R. Ramaseshan, MD & CEO, NCDEX, talks to Rahul Oberoi about commodities trading in India and what investors can expect from the Indian markets.
How do you see the future of commodity trading in India?
The figures speak for themselves. Last financial year, for the period between April and February, the cumulative value of trade was Rs 69.72 lakh crore, but this year, for the same period, it's Rs 105 lakh crore, a 52% growth.
What are the major problems investors face while trading in the commodity market?
Lack of awareness about commodity derivatives would probably be the biggest problem. Trading in derivatives requires knowledge about the costs and the risks involved. I would advise them to read up and learn enough from their brokers before investing.
How will the problems in the Middle East affect commodity trading?
The uncertainty of economic recovery in the US and Europe, along with the turmoil in Japan and the unrest in the Middle East, has made global commodity markets jittery. Such uncertainty only heightens the need for hedging and so I expect volumes to continue growing. Prices will move depending on the prevailing market view.
Which commodity basket is likely to benefit from the Union Budget?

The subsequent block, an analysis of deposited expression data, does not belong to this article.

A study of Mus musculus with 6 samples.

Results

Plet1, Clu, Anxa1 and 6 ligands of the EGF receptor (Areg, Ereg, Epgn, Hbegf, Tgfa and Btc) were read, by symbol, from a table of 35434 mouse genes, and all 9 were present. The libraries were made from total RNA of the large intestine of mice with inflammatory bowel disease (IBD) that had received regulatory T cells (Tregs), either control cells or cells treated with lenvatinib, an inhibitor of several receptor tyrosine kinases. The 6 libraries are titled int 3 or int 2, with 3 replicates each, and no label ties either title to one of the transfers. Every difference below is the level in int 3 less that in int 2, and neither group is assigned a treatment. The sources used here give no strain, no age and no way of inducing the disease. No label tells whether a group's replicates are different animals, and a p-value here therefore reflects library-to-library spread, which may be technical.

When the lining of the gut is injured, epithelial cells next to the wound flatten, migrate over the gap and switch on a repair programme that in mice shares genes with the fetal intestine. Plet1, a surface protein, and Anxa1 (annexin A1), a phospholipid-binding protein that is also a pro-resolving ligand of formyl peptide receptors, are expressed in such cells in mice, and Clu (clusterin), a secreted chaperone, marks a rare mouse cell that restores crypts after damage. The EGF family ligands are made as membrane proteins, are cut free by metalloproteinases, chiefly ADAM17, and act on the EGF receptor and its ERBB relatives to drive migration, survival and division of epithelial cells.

The Union Budget definitely had a pro-farm thrust. But, the Budget is only one of the many factors that affect trading in commodity exchanges. So it is difficult to say if any of the Budget announcements will have a definite impact. Of course, the recent announcement by Maharashtra Government, in its 2011-12 budget, to hike stamp duty on commodity trading by 400% will likely impact the markets.
Can you name some commodities that are getting good volumes on the exchange?
While all our agricultural commodities continue to do well, the ones that did particularly well are spices-pepper (average daily traded value of Rs 267 crore), jeera (Rs 202 crore), refined soya oil (Rs 866 crore). Our exchange has also seen increased volumes in bullion (Rs 218 crore) and energy (Rs 644 crore).
Some analysts say investors do not follow the NCDEX Dhaanya Index. So, why create such an index?
Investors will start following Dhaanya once trading in commodity indices is permitted by the regulator. An index is created considering a pool of commodities. Hence, an index becomes a very important barometer to gauge market performance and investors would certainly find value in commodity indices, such as Dhaanya.
Any suggestions for commodity investors?
Investors should study commodity cycles (whether crop cycles or business cycles) before investing. It is best to gauge risk appetite and exit at a point just before this barrier is breached.
Where do you see sugar futures moving from current levels as the government recently allowed sugar exports?
It will create opportunities for hedging as participants might anticipate heightened uncertainty in prices.